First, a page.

Danny, as he was soon nicknamed, was a sub-adult bottlenose dolphin who soon found his way into the hearts of many in the Portland area. He was a regular sight for divers (as can be seen from the stunning underwater image by Colin Garrett), dive boats, tourist boats, fishing charters and jetski tours.
On 27 October, the Cetacean Strandings Investigation Programme (CSIP) recovered the body of a bottlenose dolphin that had been found within Portland Port, and confirmed that this was indeed Danny who could be identified from characteristic rake marks on his left pectoral fin, in addition to a number of other identifying scars and features.
Danny the dolphin
A thorough examination showed death was from acute physical trauma, as a result of shipstrike. A deep penetrating laceration on the right side of the body behind the head and other injuries to the tail stock and dorsal fin were likely due to sharp force trauma following impact from a large propellor.
The dolphin otherwise appeared to be in good nutritional condition and no significant gross evidence of disease or ill health. The dolphin had been feeding at or around the time of death, with a number of semi-digested prey found in the stomach. Healed parallel linear scars on the left lateral body wall would also appear to be consistent with a prior historical encounter with a vessel and superficial interaction with a small propellor. Sadly, when animals become habituated to human and vessel presence, accidental encounters such as these can unfortunately result in serious injury or fatalities.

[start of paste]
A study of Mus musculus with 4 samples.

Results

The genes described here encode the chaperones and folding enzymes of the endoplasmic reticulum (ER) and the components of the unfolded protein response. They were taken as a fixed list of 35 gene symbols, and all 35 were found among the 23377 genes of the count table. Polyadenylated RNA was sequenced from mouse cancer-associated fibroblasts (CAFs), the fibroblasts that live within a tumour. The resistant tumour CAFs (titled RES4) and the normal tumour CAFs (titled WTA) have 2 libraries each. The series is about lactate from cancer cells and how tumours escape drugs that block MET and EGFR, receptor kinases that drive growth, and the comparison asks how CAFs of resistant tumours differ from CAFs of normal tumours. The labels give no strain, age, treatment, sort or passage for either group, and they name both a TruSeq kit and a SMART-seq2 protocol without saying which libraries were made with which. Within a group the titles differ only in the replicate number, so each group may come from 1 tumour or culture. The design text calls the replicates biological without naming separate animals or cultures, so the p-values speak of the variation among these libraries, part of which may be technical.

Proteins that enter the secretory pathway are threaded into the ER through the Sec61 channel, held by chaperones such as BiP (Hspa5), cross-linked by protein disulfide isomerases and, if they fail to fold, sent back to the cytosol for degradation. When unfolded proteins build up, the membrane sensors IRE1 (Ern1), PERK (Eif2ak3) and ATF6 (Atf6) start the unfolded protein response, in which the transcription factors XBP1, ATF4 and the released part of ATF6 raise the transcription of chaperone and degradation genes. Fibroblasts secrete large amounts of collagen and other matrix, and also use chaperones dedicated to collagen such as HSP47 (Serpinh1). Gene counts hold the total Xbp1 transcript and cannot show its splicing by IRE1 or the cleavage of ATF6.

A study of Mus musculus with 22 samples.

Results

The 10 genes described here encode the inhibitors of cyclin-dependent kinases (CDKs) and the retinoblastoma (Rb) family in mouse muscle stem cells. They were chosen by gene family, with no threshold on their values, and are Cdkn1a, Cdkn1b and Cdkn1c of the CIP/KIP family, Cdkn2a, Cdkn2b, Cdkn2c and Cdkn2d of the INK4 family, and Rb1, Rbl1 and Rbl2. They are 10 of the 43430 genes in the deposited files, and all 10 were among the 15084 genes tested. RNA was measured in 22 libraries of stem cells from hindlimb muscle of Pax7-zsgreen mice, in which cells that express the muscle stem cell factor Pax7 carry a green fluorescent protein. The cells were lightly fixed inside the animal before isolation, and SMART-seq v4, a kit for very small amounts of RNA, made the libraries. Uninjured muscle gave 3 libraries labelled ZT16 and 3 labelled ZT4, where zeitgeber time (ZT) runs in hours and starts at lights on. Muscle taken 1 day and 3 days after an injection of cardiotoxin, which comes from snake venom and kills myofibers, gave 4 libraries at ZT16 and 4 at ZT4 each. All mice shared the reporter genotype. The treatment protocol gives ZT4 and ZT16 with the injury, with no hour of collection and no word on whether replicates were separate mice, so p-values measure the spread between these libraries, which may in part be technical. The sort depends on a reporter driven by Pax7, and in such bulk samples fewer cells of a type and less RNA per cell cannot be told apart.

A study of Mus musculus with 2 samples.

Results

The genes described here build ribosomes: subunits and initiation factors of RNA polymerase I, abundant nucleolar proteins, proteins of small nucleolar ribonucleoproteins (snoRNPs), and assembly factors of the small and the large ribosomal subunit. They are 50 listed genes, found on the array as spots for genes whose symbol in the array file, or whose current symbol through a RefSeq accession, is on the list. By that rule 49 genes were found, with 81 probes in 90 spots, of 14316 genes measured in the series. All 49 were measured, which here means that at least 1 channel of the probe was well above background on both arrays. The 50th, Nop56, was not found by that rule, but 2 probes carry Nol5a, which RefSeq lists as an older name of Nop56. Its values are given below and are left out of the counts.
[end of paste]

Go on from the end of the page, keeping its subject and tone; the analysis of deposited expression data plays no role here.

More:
Danny the dolphin
Shipstrike is a global issue that affects a wide variety of cetacean species – efforts to improve our understanding of the issue takes place through the International Whaling Commissions shipstrike database.
Photo credit: Colin Garrett and CSIP-ZSL
Mark Evans
Mark Evans
Scuba Diver's Editor-in-Chief Mark Evans has been in the diving industry for nearly 25 years, and has been diving since he was just 12 years old. 30-odd years later and he is still addicted to the underwater world.